Chris Cook O-levels and social mobility

The Daily Mail has published a rather startling story: from 2016, children will sit something akin to the old O-levels. Some parts of the story are relatively uncontroversial: the idea that there should be one exam board in each subject has many friends.

The newspaper also discusses abolishing the National Curriculum for secondary schools. However, if you have a single GCSE available in each subject, that sets a national curriculum in all but name. So these are less interesting than the sum of their parts.

But, if the Mail is correct, there is one proposal which stands out: splitting the GCSE. According to the report, under this new scheme some children would get the new O-level, and the bottom 25 per cent would take “CSEs”. This strikes me as a high-risk policy.

The GCSE’s strength is that it is a full-spectrum exam, measuring low to high ability. It includes questions designed to distinguish candidates that should get a G from candidates than deserve an F, as well as questions to filter A* candidates from those getting an A.

This is also its greatest PR weakness: it gets attacked by people citing the low-level questions. The Mail approvingly notes “questions like ‘Would you look at the Moon with a microscope or a telescope?’ from science GCSEs will be a thing of the past.”

The benefit of this system is that you get comparable qualifications, and there is no need for schools to attempt to sift children, guessing who will finish up with less than a C. The GCSE exams themselves do that work for them. But, according to the Mail:

Mr Gove believes those teenagers have been encouraged to think that a D, E, F or G grade at GCSE is a ‘pass’ when the real world treats those grades as a ‘fail’.

I confess that I do not see how it logically follows that the lower end of the GCSE should therefore be replaced with a CSE. The government would replace a D at GCSE with a certificate where the top grade is capped at a D. Maybe something got lost in the briefing.

The change would, however, have significant practical effects.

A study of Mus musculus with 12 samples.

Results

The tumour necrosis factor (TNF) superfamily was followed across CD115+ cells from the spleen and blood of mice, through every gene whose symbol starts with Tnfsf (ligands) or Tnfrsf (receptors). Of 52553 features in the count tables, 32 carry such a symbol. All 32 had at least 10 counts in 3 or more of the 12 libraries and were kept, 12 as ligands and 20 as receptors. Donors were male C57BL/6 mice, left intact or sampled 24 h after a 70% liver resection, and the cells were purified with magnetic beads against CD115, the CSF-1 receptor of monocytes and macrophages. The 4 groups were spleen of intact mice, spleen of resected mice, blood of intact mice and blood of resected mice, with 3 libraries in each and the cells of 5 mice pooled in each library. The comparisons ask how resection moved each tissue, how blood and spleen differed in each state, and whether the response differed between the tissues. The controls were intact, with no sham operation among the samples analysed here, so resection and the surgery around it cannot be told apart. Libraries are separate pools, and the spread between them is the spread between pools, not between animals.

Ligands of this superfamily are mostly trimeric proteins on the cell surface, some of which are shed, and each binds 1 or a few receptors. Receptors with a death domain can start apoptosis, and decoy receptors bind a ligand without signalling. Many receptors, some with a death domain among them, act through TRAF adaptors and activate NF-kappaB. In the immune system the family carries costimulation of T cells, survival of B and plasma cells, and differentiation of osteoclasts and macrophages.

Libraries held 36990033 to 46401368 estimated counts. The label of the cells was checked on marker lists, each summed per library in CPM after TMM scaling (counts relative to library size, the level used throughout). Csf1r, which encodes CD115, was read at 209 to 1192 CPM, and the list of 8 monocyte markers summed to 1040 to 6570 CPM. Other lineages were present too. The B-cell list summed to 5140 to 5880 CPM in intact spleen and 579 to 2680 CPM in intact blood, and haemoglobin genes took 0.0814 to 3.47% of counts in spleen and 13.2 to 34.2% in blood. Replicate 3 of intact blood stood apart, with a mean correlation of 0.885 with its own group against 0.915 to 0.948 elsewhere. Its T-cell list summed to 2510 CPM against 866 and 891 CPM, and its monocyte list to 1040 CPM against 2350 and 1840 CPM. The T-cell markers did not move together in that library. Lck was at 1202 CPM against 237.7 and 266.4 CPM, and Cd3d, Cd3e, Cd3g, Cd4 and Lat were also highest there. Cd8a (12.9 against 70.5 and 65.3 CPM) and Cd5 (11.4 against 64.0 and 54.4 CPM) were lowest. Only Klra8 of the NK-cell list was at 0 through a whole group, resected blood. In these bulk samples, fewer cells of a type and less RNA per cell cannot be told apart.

The most significant issues around this idea are related to social mobility: the CSE will tend to be an exam for poorer children. Consider who would take the CSE if schools could select the quarter of pupils with the lowest average grades with perfect foresight.

For this graph, I have ranked children by their average grade across all GCSEs (which, I think, is the fairest way to simulate the government’s thinking). I have then worked out the probability of children finishing in the bottom quarter on this measure nationally, split out by the poverty of the neighbourhoods in which they live. I have used the so-called IDACI measure to define poverty – the children are ranked by what proportion of the households near to where they live are in receipt of benefit payments.

At the left hand side, we have the poorest children. You can see they are much more likely to fall into this category than the richest children – at right. The line dips from just under 40 per cent among the very poorest to under 10 per cent for the very richest.

There will be a geographical effect, too, with some areas switching heavily to it. I have marked this map showing what proportion of children in each neighbourhood will finish in the bottom quarter on the same measure. The CSE will be a northern qualification, too. Take a look at the belt from Liverpool to Hull – the CSE towns of tomorrow.

Red areas are places where children have higher-than-average chances of getting results in the bottom quarter, and blue areas are places where they have lower-than-average chances. Dark blue areas do much better, dark red do much worse. If you click on the shapes on the map, you can see each area’s precise statistics.

This matters: one would expect it to lower aspirations among children put onto the CSE track – which would presumably happen at the age of 14. If a child gets moved onto the scheme who otherwise would be aiming for a C at GCSE, they may just stop trying.

This could happen, to an extent, when pupils only sit the so-called “foundation papers” for GCSEs now. But children taking such papers can still get a C at GCSE, and they do not have a qualification on their CV which suggests to employers that teachers thought they were low-ability.

Furthermore, schools do not have perfect foresight. Schools may struggle to place children with accuracy. This is not to belittle teachers: the lines are indistinct. Every child from the 29th to 48th percentile gets an average grade of “D”.

If that were not hard enough, children are moving targets – particularly in the early teenage years. There is a lot of movement between standardised tests. One third of the bottom quarter of children at the age of 11 break out of that grouping by the age of 16.

This uncertainty would, again, weigh on poorer children disproportionately. More than one in five poorer children get results that put them in the 25th to 40th percentiles at GCSE by average grade. They could more easily be dragged into the CSE net by accident than their richer peers.

I look forward to getting more detail on this proposal.

UPDATE 19th August 2012: The map went offline for a spell. Now back.